On June 21, with scattered clouds overhead and a crowd gathered on and around Greenville Downtown Airport in Greenville, S.C., Gary Davis launched in a near-silent pursuit of a world record. Flying an ultralight trike, a custom combination of a North Wing Stratus wing matched to an electric-powered trike frame designed by Randall Fishman, Davis aimed for glory just a few thousand feet above.
It would not take much: No one had yet attempted an altitude record in this particular aircraft configuration, so getting off the ground would do the job. Davis, however, had higher aspirations than that—at least 3,281 feet (1,000 meters).
“I would have been ashamed if I hadn’t reached that goal,” Davis said with a slight chuckle in a telephone interview following his flight.
Davis, carrying a radio to talk to ATC and wearing a headset instead of a helmet (he typically does not operate in controlled airspace), topped his personal minimum goal by more than 1,000 feet, but left some room for others to top him in the not-too-distant future. That was the point.
“I’m looking forward to people pushing the technology to where we go further, faster, and higher with electric,” Davis said. “The technology is going to be all about the batteries. That’s the key.”
Davis, 56, is a partner in a Greenville investment management firm, and has put his belief in sustainable energy to work at the office as well has his home. The company has built a 25-kilowatt solar panel system that reduces their net energy consumption from the grid, and will pay for itself with a combination of savings and tax incentives. Davis and his wife, Deborah Meadows, both drive electric cars. Davis said that solving the technical challenges of electric aviation through innovation will, in turn, propel advances in electric automobiles.
On June 21, with an official observer from the National Aeronautic Association looking on (and a sophisticated altimeter and GPS recorder strapped to the trike), Davis launched and began a slow climb toward his own spot in aviation history. Conditions were good if not quite ideal, with a surface temperature around 93 degrees, calm winds, and scattered clouds about 3,200 feet above.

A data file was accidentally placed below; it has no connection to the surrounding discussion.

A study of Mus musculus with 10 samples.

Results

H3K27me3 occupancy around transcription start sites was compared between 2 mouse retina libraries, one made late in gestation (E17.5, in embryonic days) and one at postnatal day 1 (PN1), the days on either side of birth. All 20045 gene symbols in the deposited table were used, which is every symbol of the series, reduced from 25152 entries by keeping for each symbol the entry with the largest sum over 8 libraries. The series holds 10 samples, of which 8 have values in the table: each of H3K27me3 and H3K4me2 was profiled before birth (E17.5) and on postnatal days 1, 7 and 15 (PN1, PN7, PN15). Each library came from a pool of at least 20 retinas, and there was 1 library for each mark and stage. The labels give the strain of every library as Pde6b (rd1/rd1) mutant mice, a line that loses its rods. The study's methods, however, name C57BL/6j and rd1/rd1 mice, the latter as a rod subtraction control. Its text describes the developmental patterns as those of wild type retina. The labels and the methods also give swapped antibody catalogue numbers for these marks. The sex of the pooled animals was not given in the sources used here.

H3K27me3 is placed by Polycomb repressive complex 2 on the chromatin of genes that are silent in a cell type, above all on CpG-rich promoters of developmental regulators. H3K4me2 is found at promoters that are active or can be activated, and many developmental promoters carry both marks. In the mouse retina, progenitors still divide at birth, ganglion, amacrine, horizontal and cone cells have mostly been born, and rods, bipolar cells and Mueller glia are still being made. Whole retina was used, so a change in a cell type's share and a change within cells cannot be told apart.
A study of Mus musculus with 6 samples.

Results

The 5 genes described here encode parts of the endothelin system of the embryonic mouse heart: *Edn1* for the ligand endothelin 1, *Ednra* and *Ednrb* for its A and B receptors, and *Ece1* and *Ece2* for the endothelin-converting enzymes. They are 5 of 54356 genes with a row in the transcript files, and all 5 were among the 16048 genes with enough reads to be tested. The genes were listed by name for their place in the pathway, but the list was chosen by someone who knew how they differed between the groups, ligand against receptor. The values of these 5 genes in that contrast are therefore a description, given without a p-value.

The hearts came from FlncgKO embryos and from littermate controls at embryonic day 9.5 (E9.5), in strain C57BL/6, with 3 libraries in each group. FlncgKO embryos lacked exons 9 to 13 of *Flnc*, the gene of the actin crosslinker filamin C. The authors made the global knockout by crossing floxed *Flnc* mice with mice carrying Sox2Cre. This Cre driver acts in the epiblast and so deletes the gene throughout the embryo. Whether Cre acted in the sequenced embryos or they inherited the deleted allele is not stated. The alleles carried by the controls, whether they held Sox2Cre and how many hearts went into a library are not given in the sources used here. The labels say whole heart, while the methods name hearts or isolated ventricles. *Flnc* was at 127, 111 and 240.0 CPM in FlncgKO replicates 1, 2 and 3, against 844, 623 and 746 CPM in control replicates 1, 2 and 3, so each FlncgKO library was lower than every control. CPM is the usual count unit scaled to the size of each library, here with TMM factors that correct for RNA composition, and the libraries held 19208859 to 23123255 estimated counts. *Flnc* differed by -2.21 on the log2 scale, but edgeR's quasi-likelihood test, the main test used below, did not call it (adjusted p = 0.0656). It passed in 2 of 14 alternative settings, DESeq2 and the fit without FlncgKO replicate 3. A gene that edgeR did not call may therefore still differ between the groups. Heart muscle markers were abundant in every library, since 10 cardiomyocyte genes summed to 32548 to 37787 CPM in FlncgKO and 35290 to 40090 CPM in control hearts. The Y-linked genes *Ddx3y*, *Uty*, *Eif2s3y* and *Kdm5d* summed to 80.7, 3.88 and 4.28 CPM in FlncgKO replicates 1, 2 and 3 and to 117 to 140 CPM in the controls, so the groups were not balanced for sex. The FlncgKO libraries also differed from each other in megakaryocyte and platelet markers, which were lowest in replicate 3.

On the ground, a crowd had gathered at the airport restaurant, and in an adjacent park and playground. Davis would later learn that the mayor was among those on hand to watch. A local television station would use footage from a GoPro strapped to Davis' trike to document the feat.
“They had a lot of people come out,” Davis said. “It was fun, it was like a carnival. It became a deal.”
A 20 horsepower DC motor that weighs just nine pounds turned the propeller in near silence, drawing power from a 47-pound battery that Fishman, a designer and producer of light electric aircraft since 2005, had built by painstakingly hand-soldering more than 2,000 lithium ion cells. Davis circled higher, ever higher… well, a little higher, using thermals as much as possible to help get him above the level of surrounding scattered clouds.
“I flew it until the batteries were exhausted … and then I glided,” Davis recalled of his half-hour flight into the record books.
NAA staff said it will take roughly 60 days to verify the data captured by the sensitive barometric pressure recorder on board, and calibrate it with readings taken at ground level to confirm a maximum altitude of roughly 4,660 feet. Once the national record is established, it will be forwarded to the Fédération Aéronautique Internationale for ratification as a world record, a process likely to require months more. Davis thought he might have topped 4,700 feet msl, though regardless of the final number, “I’ve got the record because nobody had tried it before.”
The longtime ultralight and hang glider pilot has already thought of ways he can best his own mark: a more efficient propeller that operates at lower rpm, coupled with a gear reduction system, for one thing (Davis had a few pounds to spare before reaching the limit for this particular record attempt). Better weather conditions might also help, and Davis said that with sponsorship, he could envision building a carbon fiber version that leaves more useful load for batteries.
“Somebody else could do that and go higher,” Davis said. “That’s what it’s all about. The only way you improve things is buy pushing the envelope.”
In this case, it won’t take much of a push. Davis might even take a shot at his own record.
“I’d have to see if Randall would loan me a bigger battery,” Davis said.